Newsletter: 16th February 2016

The Phones Show Chat is a popular podcast centred around the world of phones, obviously, and this week I was pleased to be a guest on the show. Myself, Steve and Ted discussed iPhones, Apple and the dreaded error 53 plus a few more select topics. You can listen to it here.

Sticking with phones, take a look at the video above of a concept flip phone by Kristian Ulrich Larsen. In a world where almost every smartphone follows the same form and where most deviate only slightly from a general theme, it dawned on me that using two screens that could be moved around as required could bring back the innovation, excitement and tech-lust that we enjoyed not so long ago. The video above actually shows three screens, but the ideas make so much sense it hurts and I would love to see the big manufacturers look at this form again. Not since the Psions has this been tried properly and I am convinced there is potential here to change everything, again.

Did you know that your brain actually works better in Winter? Apparently it does and Science Of Us takes up the story- “A pair of new studies challenge many of the popular assumptions about the psychological effects of wintertime, suggesting that we should look at the season in a new, brighter light. The weather might be gray and chilly, but the latest science says we humans are better at dealing with this than we usually give ourselves credit for, both in terms of our mood and the basic functioning of our brains. The first study is a massive investigation published recently in Clinical Psychological Science involving 34,294 U.S. adults. It casts doubt on the very notion that depression symptoms are worse in the winter months…”

“The lack of satisfaction among drivers is unsurprising, especially coming in the middle of a harsh winter for the ride-share company. Uber recently slashed its fares in over 100 cities. The reduction was meant to combat slower winter months, but it mostly just pissed off its workforce. Drivers, many of whom were lured to the app-based company on the promise of greater flexibility and higher take-home pay, say the fare cuts are forcing them to work longer hours for less money.” If the future of commuting is going to be Uber-like services, Uber needs to look closely in the mirror. More at The Verge.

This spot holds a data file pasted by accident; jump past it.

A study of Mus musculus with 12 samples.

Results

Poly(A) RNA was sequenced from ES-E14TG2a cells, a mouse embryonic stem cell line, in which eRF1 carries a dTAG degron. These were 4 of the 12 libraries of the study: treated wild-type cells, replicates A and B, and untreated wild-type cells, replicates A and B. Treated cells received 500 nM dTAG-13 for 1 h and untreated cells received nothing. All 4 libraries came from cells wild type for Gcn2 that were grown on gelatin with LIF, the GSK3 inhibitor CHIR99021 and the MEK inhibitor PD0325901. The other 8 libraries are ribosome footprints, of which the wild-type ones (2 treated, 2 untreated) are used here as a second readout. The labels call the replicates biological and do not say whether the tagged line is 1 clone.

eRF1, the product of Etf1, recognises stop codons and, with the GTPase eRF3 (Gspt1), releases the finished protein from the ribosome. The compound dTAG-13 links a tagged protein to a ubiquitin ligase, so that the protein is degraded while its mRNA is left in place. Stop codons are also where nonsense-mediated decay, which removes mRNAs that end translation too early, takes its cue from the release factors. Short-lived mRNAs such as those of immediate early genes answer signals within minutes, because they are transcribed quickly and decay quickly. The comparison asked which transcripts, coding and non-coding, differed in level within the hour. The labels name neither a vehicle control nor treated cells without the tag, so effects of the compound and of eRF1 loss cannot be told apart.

The average cost of raising a child from birth to the age of 21 in modern Britain is £231,843, according to a new report by an insurance company.” Worth every penny, I think. More at the BBC.

This Cheatsheet for Remembering the Effects of Aperture, Shutter and ISOcould be extremely handy if you are learning the basics of photography. Sadly I still don’t quite understand it… “For those of you bred on smartphone photography whom are looking to switch to single-lens reflex, and don’t know your f-stop from your L-train, here’s a handy reference guide that will at least get you started.”

“Like a comic-book villain transformed by a tragic accident, Weigman discovered at an early age that his acute hearing gave him superpowers on the telephone. He could impersonate any voice, memorize phone numbers by the sound of the buttons and decipher the inner workings of a phone system by the frequencies and clicks on a call, which he refers to as “songs.” The knowledge enabled him to hack into cellphones, order phone lines disconnected and even tap home phones. “Man, it felt pretty powerful for a little kid,” he says. “Anyone said something bad about me, and I’d press a button, and I’d get them.” Again, The Boy Who Heard Too Much is not an easy read, but it sure is an interesting one.